Today’s guest blogger is Paul Hayes, a readers’ advisory expert at the Vancouver Public Library.
With many years of experience providing readers’ advisory services under my belt, I often find good-old intuition to be my tool of choice. Much, of course, depends on the right question asked at the right time. Print resources are usually my next best choice.
As well as print resources, there are several online sources that I have found useful. Novelist and Fiction Connection will be familiar to readers of this blog and, like me, you’ve probably been bemused / frustrated by some of the dated author/title readalike suggestions. Another problem I’ve encountered is recommendations for novels by Canadian, Australian etc authors based solely on common nationality rather than “appeal terms.”
I decided to broaden my approach from subscription databases and look at some of the online literary social networking sites. Sites such as LibraryThing, Shelfari, and Good Readsare three that can be useful for readers’ advisory. I’m occasionally puzzled by some of the recommendations for readalikes. How are these recommendations devised? What algorithm is used? Are titles considered a good match based on sales figures? The same two titles being purchased by the same person? Titles with film adaptations all released in the same year? Nationality of the author? Frankly, it’s a bit of a puzzle. I wonder if someone would like to address this topic in a future blog article.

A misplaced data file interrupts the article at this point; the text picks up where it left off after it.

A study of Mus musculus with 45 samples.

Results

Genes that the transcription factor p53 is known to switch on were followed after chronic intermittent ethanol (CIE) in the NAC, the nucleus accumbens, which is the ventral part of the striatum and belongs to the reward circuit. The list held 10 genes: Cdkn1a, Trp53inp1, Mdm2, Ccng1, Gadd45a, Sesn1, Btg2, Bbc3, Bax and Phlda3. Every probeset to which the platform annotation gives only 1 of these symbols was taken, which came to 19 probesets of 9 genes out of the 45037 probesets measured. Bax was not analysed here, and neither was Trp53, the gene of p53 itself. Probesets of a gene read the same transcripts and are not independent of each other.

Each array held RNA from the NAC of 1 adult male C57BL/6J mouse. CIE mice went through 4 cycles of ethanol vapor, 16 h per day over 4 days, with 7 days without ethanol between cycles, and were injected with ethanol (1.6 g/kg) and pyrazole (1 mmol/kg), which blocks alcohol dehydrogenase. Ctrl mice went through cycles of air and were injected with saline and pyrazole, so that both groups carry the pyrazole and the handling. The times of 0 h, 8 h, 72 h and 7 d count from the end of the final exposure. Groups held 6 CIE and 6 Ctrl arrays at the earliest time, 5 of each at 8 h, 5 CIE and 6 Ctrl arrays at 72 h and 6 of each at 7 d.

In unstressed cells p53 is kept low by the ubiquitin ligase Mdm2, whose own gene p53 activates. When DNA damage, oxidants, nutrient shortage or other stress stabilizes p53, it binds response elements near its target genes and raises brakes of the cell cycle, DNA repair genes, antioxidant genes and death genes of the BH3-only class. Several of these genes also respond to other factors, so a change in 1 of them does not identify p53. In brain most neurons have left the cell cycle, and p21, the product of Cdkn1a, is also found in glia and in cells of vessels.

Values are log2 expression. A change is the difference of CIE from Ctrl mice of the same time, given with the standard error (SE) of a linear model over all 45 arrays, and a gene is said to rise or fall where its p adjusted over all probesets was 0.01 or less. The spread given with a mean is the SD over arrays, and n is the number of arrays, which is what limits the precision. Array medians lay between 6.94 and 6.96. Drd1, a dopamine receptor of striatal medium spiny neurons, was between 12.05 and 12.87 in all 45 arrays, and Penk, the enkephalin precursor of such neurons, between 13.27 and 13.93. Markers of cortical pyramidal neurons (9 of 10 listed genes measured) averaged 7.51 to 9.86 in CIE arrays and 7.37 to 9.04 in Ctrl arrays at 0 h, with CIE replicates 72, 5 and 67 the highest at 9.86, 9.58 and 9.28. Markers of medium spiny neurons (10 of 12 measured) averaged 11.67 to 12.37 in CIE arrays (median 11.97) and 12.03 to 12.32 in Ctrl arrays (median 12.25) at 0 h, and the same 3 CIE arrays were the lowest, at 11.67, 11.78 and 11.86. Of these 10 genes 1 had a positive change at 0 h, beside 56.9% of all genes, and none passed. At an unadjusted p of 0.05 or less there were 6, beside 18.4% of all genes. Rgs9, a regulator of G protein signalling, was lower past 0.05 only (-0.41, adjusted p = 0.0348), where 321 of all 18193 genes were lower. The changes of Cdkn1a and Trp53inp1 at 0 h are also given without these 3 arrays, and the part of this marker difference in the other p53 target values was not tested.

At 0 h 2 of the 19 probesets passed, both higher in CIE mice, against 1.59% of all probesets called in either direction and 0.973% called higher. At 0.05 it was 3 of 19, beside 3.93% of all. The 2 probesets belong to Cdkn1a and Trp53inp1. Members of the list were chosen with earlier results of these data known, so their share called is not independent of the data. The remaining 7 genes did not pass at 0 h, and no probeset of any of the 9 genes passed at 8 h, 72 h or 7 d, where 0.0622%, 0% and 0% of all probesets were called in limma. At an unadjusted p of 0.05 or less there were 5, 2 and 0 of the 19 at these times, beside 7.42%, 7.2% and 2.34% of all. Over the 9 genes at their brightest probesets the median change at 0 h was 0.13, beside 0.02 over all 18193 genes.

Here are a few sites that might enjoy:
This site is part of the Book Gnome Project and it analyzes book content in very quirky ways to create the book’s DNA. It does not promote itself as a source of readalikes, but rather a source to find good books period. That said, elements in the books DNA are linked to other titles with the same element. Check out Jack Kerouac’s On the Road. One DNA element is “deviance.” Click and you will see a list of other titles containing this element. Read the site’s FAQs for more detail.
Suggestions, forums and more. I like to use the “Map of Literature” feature which allows you to type in an author’s name and see a spider graph of authors with some commonality. Try Anais Nin for example.
Powered by LibraryThing this tool can be linked to your library’s catalogue for recommendations based on titles you own. I usually piggy-back on Portland Public Library when searching the site. On the homepage choose United States then Portland.
You will be asked to rate (or not) titles in a variety of fiction genres as well as non-fiction topics. A record is kept of the number of titles you have rated in each category. Once you have rated a few, you can click on the “Just For You” recommendations. This is a fun site for staff and patrons alike. Also includes ebook and audiobook suggestions.